Euro 2020 – a pandemic-driven standout success
Photo: Annie Spratt
This last weekend saw the finals of the delayed UEFA Euro 2020, with Italy the winners. Footage of crowds over the preceding week’s semi-finals showed crowds flooding the streets; social media feeds filled with screen-capped memes and related socio-political commentary.
Both England and Italy could be described as ‘needing the win’. After a year and a half of a still-ongoing pandemic, which both countries were hugely affected by early on, Euro 2020 was a cathartic moment in the early stages of opening up from lockdowns. For sports, which have been negatively impacted by the lack of live fans, the tournament was a standout success – and part of this was due to the prime cultural positioning of the games.
Because the Euro tournaments are played by national teams, much like Eurovision some months ago, they serve to unify national populations and have far more mainstream appeal than regular club matches. This fundamental advantage was further enhanced by the social need case for such an event. After a year and a half of pandemic, natural disasters, and economic and social disruption, football as a mainstream topic was the first major post-vaccine news feature in Europe to be inherently optimistic; something to cheer for, rather than fear.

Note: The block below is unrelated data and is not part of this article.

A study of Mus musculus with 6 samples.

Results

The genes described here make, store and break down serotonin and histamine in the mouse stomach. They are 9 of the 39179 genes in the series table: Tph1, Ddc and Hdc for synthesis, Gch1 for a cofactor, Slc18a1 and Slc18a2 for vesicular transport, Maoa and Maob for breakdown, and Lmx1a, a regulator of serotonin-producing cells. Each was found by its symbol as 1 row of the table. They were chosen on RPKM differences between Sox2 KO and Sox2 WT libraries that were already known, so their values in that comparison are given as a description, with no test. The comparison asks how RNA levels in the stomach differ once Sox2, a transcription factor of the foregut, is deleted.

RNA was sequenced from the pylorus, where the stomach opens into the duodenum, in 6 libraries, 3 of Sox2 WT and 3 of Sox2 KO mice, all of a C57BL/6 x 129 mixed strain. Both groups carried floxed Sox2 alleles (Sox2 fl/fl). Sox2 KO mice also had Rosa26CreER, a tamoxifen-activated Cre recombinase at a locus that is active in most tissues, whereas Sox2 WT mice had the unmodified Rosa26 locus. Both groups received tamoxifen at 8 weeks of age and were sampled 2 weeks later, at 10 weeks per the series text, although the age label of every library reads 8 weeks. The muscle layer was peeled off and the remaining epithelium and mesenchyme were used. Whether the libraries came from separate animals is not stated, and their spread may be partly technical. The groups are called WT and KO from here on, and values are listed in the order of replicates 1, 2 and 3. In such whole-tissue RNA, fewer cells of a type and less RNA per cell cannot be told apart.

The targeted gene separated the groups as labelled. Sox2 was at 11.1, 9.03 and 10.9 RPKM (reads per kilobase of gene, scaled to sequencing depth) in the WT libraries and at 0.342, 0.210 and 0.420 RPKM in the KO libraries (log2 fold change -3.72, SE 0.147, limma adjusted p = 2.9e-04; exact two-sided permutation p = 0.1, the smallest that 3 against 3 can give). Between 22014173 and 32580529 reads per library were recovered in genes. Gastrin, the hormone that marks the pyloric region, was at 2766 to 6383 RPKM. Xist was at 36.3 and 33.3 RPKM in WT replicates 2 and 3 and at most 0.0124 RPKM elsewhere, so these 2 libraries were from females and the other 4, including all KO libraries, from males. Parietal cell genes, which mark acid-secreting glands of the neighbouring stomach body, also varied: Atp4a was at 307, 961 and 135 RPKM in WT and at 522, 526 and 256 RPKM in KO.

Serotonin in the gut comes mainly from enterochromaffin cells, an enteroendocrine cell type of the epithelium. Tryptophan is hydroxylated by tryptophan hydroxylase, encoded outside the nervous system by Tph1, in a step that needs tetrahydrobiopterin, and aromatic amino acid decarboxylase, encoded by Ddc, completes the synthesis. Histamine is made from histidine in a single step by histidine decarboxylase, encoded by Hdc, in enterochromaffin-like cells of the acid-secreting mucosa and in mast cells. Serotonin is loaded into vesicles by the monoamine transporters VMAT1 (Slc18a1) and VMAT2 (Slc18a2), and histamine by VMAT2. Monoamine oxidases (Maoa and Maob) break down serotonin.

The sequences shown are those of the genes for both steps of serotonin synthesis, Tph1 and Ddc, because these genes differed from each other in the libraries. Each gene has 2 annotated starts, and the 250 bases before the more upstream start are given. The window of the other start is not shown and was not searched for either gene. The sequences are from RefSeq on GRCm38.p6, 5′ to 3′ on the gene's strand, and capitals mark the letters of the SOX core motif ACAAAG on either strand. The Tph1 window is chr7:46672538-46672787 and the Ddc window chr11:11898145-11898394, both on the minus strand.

It also came at the opportune time of reopening from lockdowns. After the social isolation and loss of public life and interactions, matches gave casual fans an excuse to meet up as well as a common activity to buffer as rusty social skills struggled to get back into shape. It connected strangers in those public spaces watching matches, after a year-long period of isolation and distance.
Anecdotally, this appears to have been wildly successful. People who normally pay no attention to football were emotionally invested in every match. The entirety of London during the final was quieter than it has been since Lockdown One, with open windows spilling the sounds of the game and all venues with a television screen fully booked. The boost to service industry venues which have suffered massively in the last year and a half was palpable, with estimates suggesting the final alone could contribute up to £150 million to British GDP on the day.
This year, the Euro 2020 was more than just a tournament. It was a cultural grounding point, an economic boost to entire sectors, and a symbol of the new normal set to come with testing, vaccines and the reopening of public life becoming mainstream. The Tokyo 2020 Olympics which open on July 23rd will also have an opportunity to generate a similar cultural connection. However, the absence of live spectators will make it the first broadcast-only major international sporting event (only events outside of Tokyo will permit reduced numbers of spectators). Achieving a similar level of success therefore is unlikely, especially with opinion polls showing the domestic population is in favour of games being postponed due to the ongoing pandemic. Next year’s World Cup, the new hope for the England team, will perhaps have a better chance to capitalise on the latent fandom triggered among the mainstream population by the Euros. The opportunity is there – it is now up to organisers to capitalise on it.